Energy to heat and cool your home is usually the largest portion of your utility bill.
You can upgrade your home with energy efficient insulation; one of the quickest energy-payback is to insulate the loft, attic or flat roof, because adding insulation there is quick, easy, and a cost-effective way to reduce heat loss and reduce your heating bills.
Add attic insulation saves you money by lowering heating and cooling costs. The long-term payoff is impressive too. You could see your energy bills go down by as much as 15 to 25 percent depending on your climate and existing levels of insulation. Heat rises, and in an un-insulated home, up to a quarter of heat is lost through the roof.
Heat flows from warmer to cooler until there is no longer a temperature difference. In your home, this means that in winter, heat flows directly from all heated living spaces to adjacent unheated attics, garages, basements, and even to the outdoors. During the summer, heat flows from the outdoors to the interior of a house.
Control extra costs by sealing your attic.
Failing to seal air leaks before insulating allows warm air to leak into the attic. Air leaks can cause ice dams too.
The worst offenders are cracks and gaps around lights, plumbing pipes, chimneys, walls and other ceiling penetrations.
Make sure insulation does not block soffit vents. Proper attic ventilation requires a balance of intake and exhaust openings. Attic ventilation allows moisture to escape. Moisture build-up can damage your home and ruin insulation.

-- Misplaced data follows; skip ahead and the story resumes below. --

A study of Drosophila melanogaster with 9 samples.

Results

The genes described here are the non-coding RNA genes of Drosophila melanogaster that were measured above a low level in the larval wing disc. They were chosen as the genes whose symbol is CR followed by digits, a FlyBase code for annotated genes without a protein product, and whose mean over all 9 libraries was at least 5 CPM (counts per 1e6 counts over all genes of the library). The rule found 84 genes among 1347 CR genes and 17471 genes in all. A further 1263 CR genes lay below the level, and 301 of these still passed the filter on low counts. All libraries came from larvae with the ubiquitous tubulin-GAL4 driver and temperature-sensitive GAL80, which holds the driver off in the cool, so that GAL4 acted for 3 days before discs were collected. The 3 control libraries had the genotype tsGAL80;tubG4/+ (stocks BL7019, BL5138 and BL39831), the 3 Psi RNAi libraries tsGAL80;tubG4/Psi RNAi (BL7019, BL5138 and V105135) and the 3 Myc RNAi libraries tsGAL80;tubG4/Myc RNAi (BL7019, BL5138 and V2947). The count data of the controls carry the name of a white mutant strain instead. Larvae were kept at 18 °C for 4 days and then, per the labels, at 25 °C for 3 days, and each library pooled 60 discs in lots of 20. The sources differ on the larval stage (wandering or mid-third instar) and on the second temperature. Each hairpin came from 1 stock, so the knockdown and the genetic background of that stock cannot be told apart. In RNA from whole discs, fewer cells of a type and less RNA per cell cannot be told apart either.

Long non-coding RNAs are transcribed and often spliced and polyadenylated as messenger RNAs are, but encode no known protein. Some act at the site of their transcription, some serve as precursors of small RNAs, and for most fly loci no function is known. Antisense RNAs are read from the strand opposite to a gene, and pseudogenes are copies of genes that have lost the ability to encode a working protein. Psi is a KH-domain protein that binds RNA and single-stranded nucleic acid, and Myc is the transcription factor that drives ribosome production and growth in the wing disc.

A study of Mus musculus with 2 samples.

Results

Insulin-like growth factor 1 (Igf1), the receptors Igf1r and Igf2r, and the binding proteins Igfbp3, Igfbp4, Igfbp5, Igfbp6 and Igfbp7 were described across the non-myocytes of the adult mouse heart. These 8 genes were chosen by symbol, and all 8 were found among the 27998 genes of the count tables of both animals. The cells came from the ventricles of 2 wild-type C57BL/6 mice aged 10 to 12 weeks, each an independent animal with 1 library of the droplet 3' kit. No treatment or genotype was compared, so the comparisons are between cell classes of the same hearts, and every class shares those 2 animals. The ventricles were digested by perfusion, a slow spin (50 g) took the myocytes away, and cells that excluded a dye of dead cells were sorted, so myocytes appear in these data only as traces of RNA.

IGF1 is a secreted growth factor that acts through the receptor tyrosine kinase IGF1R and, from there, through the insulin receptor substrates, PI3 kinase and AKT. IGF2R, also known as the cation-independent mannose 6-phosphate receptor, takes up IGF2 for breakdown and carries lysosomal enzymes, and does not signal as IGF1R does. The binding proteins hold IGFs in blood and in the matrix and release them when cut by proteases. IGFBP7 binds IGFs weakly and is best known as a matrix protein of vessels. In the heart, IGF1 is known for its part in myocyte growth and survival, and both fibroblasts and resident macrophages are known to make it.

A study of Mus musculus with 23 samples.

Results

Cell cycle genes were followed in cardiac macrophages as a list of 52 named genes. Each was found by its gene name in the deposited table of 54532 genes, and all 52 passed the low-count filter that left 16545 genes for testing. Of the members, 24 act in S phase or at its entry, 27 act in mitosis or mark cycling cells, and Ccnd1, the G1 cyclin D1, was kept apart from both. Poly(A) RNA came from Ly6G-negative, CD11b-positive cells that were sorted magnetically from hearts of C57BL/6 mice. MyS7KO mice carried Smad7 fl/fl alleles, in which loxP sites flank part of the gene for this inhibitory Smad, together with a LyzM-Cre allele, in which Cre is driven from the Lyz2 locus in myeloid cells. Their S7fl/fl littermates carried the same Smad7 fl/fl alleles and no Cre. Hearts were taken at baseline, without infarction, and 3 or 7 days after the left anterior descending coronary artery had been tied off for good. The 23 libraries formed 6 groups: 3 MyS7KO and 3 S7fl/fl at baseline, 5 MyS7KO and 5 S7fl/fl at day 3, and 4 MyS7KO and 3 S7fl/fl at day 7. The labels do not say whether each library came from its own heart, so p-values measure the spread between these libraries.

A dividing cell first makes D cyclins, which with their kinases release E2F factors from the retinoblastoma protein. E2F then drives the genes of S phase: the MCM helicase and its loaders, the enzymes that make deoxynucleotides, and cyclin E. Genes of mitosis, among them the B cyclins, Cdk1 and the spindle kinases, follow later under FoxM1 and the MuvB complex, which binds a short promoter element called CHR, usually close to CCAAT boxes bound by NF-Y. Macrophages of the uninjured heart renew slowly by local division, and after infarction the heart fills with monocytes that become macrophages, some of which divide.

Insulation stops heat escaping from living spaces, so it will make your loft space cooler, which could introduce or worsen existing damp or condensation problems. If you are installing loft insulation yourself please keep in mind that you may need to increase ventilation.
Check the attic ceiling for water leaks, water stains or marks; they indicate roof leaks or lack of ventilation. Make repairs before you insulate. Wet insulation is ineffective and can damage your home.
If your loft is easy to access and has no damp or condensation problems it should be easy to insulate.
In unfinished space, you can simply add layers to what is already on the floor. Insulating the roof is the better method if heating and cooling ducts pass through the space or if you live in a humid climate and wants to cut down on musty smells coming from the attic. The common types of insulation used are:
Fibreglass or mineral wool batts, Roll-on or blanket-type insulation are fire and moisture resistant. They are available with or without a vapour barrier facing. The facing is made of foil or Kraft paper. Some batts are wrapped in plastic for easy handling. This plastic has small holes, so it is not a vapour barrier.
Loose fill cellulose, fibreglass, mineral wool, vermiculite or blown-in insulation is either blown with a machine that shoots a stream of loose-fill cellulose over the existing attic floor framing or poured from the bag directly into the attic.
Blowing in insulation is faster and offers better coverage of filling in small crevices and other hard-to-reach areas. Loose fill is better than rolls or batts for attics with irregular joist spacing or with many obstructions.
Insulate between the joists with mineral wool or Sprayed foam polyurethane is a good choice if you plan to turn your attic into a finished room and then you will want to lay rigid insulation boards on top, with wooden boarding on top of that. You can buy insulation board pre-bonded to floor boarding to make the job easier.
If you want to use your loft as a living space, or it is already being used as a living space, you can insulate your room-in-the-roof by insulating the roof itself. This is typically done by fixing rigid insulation boards between the roof rafters.